N.J. law regulating temporary staffing industry can go into effect, judge rules
Ruling is major win for immigrant groups who lobbied years for temp worker protections
The law known as the "temporary workers' bill of rights” was signed by Gov. Phil Murphy in February after years of advocacy from immigrant and labor groups. (Sophie Nieto-Munoz | New Jersey Monitor)
A federal judge Wednesday declined to stop New Jersey from enforcing a new law overhauling the temporary employment industry that critics claim is unconstitutional, representing a huge win for temporary workers and advocates who fought years for safe working conditions.
The judge’s decision paves the way for new benefits and protections for the workers to go into effect next week. They include providing temporary workers the average pay and benefits given to their full-time counterparts — a provision staffing agencies claim is too burdensome.
Obtaining that information from different employers might make compliance with the new law difficult, but does not make the law “unconstitutionally vague,” U.S. District Court Judge Christine P. O’Hearn said in the opinion made public Wednesday.
“Plaintiffs know the information they need and from where it must be obtained, just not how to get it (or, at least, so they say),” she said.
The law, known as the “temporary workers’ bill of rights,” was signed by Gov. Phil Murphy in February after years of advocacy from immigrant and labor groups. It will offer New Jersey’s estimated 127,000 temp workers protections from retaliatory employment actions, unsafe working conditions, and pay deductions for meals and transportation. Some provisions of the law went into effect in May, and the remainder will start on Aug. 5.
Garrett O’Connor, policy and organizing director at immigrant advocacy organization Make the Road New Jersey, said the group is looking forward to staffing agencies being held fully accountable under the new law, which creates fines for agencies found in violation.
“The New Jersey Staffing Alliance’s failed attempt to stop the enforcement of the New Jersey temp workers’ bill of rights sadly typifies the approach of too many staffing agencies and the greedy corporations they serve to find gimmicks and loopholes that allow them to ignore workers’ rights,” he said. “This was yet another desperate attempt by staffing agency owners and the mega-corporations they serve to avoid abiding by urgently needed protections for essential temp workers.”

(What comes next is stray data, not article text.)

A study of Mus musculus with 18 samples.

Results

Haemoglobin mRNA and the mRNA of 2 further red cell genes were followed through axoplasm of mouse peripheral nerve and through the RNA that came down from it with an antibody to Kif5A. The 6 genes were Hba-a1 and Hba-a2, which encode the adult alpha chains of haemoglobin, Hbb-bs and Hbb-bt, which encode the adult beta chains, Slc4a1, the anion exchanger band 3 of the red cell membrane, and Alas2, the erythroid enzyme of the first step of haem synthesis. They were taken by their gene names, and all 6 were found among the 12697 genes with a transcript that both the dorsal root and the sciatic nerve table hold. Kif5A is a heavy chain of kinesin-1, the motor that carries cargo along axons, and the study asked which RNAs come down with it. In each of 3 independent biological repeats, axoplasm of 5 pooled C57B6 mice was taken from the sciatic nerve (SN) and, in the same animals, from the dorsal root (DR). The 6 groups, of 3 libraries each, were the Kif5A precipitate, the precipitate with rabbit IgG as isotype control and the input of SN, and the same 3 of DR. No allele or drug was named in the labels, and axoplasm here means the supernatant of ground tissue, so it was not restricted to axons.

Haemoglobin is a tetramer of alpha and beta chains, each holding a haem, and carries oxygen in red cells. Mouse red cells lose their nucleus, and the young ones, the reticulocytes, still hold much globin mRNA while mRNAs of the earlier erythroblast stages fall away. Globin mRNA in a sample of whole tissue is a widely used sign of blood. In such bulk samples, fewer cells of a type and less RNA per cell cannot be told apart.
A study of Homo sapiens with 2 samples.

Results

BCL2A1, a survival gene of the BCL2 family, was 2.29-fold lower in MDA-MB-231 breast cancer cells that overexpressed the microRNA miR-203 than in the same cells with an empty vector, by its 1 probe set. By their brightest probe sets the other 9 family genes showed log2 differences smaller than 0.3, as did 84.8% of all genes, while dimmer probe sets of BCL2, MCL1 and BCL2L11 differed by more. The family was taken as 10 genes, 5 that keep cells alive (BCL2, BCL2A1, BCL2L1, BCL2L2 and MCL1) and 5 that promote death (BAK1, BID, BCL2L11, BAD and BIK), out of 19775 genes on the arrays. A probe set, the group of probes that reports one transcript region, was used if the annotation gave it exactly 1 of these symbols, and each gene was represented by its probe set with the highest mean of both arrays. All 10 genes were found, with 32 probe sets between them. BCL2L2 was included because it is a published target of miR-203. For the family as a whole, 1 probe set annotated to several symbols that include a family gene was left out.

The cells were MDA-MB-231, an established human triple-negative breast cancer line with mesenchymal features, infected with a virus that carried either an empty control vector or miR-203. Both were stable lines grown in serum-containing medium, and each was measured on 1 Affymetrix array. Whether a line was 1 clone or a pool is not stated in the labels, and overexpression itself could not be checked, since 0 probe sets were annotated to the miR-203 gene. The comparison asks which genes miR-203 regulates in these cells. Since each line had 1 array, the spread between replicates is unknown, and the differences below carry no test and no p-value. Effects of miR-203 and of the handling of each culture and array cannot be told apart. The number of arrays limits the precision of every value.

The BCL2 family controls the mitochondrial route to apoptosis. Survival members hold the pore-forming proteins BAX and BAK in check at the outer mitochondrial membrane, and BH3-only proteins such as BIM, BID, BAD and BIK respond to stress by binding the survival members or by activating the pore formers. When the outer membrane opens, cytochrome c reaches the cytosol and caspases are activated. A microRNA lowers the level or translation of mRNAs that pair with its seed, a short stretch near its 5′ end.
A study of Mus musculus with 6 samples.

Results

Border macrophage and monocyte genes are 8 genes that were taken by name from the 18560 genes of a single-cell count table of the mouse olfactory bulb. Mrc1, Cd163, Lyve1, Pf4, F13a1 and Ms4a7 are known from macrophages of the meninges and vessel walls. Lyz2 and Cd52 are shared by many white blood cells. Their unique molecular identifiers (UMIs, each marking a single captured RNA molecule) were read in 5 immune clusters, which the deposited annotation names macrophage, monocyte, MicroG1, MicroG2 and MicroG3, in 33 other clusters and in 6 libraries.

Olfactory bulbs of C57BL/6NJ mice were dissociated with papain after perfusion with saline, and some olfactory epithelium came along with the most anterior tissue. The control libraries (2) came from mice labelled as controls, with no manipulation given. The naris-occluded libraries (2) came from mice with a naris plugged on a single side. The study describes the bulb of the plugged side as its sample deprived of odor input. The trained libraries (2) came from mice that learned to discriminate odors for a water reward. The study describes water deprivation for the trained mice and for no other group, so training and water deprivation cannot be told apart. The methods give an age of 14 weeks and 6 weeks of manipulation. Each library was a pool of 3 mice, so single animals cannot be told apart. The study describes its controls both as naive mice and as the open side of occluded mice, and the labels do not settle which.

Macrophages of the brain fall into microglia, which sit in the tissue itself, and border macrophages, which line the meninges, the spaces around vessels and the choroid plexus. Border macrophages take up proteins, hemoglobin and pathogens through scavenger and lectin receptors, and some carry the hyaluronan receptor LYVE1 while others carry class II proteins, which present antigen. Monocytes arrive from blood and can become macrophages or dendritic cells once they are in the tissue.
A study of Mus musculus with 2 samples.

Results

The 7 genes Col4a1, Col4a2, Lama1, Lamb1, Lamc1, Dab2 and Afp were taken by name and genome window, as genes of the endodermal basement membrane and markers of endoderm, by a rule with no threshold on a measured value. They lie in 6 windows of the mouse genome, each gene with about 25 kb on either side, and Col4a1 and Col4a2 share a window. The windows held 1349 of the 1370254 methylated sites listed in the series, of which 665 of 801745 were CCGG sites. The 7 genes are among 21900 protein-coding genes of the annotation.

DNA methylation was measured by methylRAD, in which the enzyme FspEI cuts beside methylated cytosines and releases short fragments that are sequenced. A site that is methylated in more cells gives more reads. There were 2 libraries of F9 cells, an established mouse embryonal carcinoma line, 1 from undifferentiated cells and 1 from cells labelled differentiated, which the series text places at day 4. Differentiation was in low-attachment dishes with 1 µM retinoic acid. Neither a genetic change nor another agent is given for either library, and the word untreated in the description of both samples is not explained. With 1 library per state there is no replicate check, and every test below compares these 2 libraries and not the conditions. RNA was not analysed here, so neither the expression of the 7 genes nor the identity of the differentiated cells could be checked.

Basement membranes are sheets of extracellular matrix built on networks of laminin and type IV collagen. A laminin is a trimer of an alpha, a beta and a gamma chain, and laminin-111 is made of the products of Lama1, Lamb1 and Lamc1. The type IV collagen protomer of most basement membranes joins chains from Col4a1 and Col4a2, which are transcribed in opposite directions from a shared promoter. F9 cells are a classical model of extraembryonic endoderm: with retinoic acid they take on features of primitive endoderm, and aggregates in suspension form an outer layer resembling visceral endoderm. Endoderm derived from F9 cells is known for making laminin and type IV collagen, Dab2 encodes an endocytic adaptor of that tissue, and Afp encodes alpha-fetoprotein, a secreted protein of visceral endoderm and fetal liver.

Attorney General Matthew Platkin in a statement said he’s “grateful that the district court correctly upheld the law.”
“The New Jersey temporary workers’ bill of rights promises temporary workers in our state the same rights and dignity as everyone else, which is why we’ve been vigorously defending it for months in federal court,” he said. “My office will continue to fight for workers across the state.”
The New Jersey Business and Industry Association called the ruling “disappointing.” The New Jersey Staffing Alliance did not immediately respond to a request for comment.
Those groups led aggressive lobbying efforts against the bill, which led to several failures to win passage in the Legislature before it finally advanced to the governor’s desk. Days before the first set of provisions were set to go into effect in May, the groups filed their lawsuit calling the law unconstitutional.
They contend the law, particularly the pay provisions, will grind the staffing industry “to a halt.” They submitted declarations from staffing businesses claiming they could lose millions of dollars in revenue and that clients are threatening to cancel services.
But the plaintiffs are unlikely to succeed on the merits of their claim, O’Hearn wrote. She noted that when attorneys for staffing agencies asked in court how proper pay and benefits should be calculated under the new law, they noted that such calculations would involve the length of service of workers, the time of work, merit, workplace locations, quality or quantity of production, travel, education, and more.
“By raising these questions, plaintiffs have given away the game: they are tacitly admitting that they know exactly the sort of relevant factors that ought to be considered,” she said.
She also noted that the Department of Labor released proposed regulations on July 21 intended to clarify the law, and that staffing agencies are invited to provide public comment while the regulations are being finalized.
“Whatever questions plaintiffs still might have, now is their chance to get the answers they need,” she said.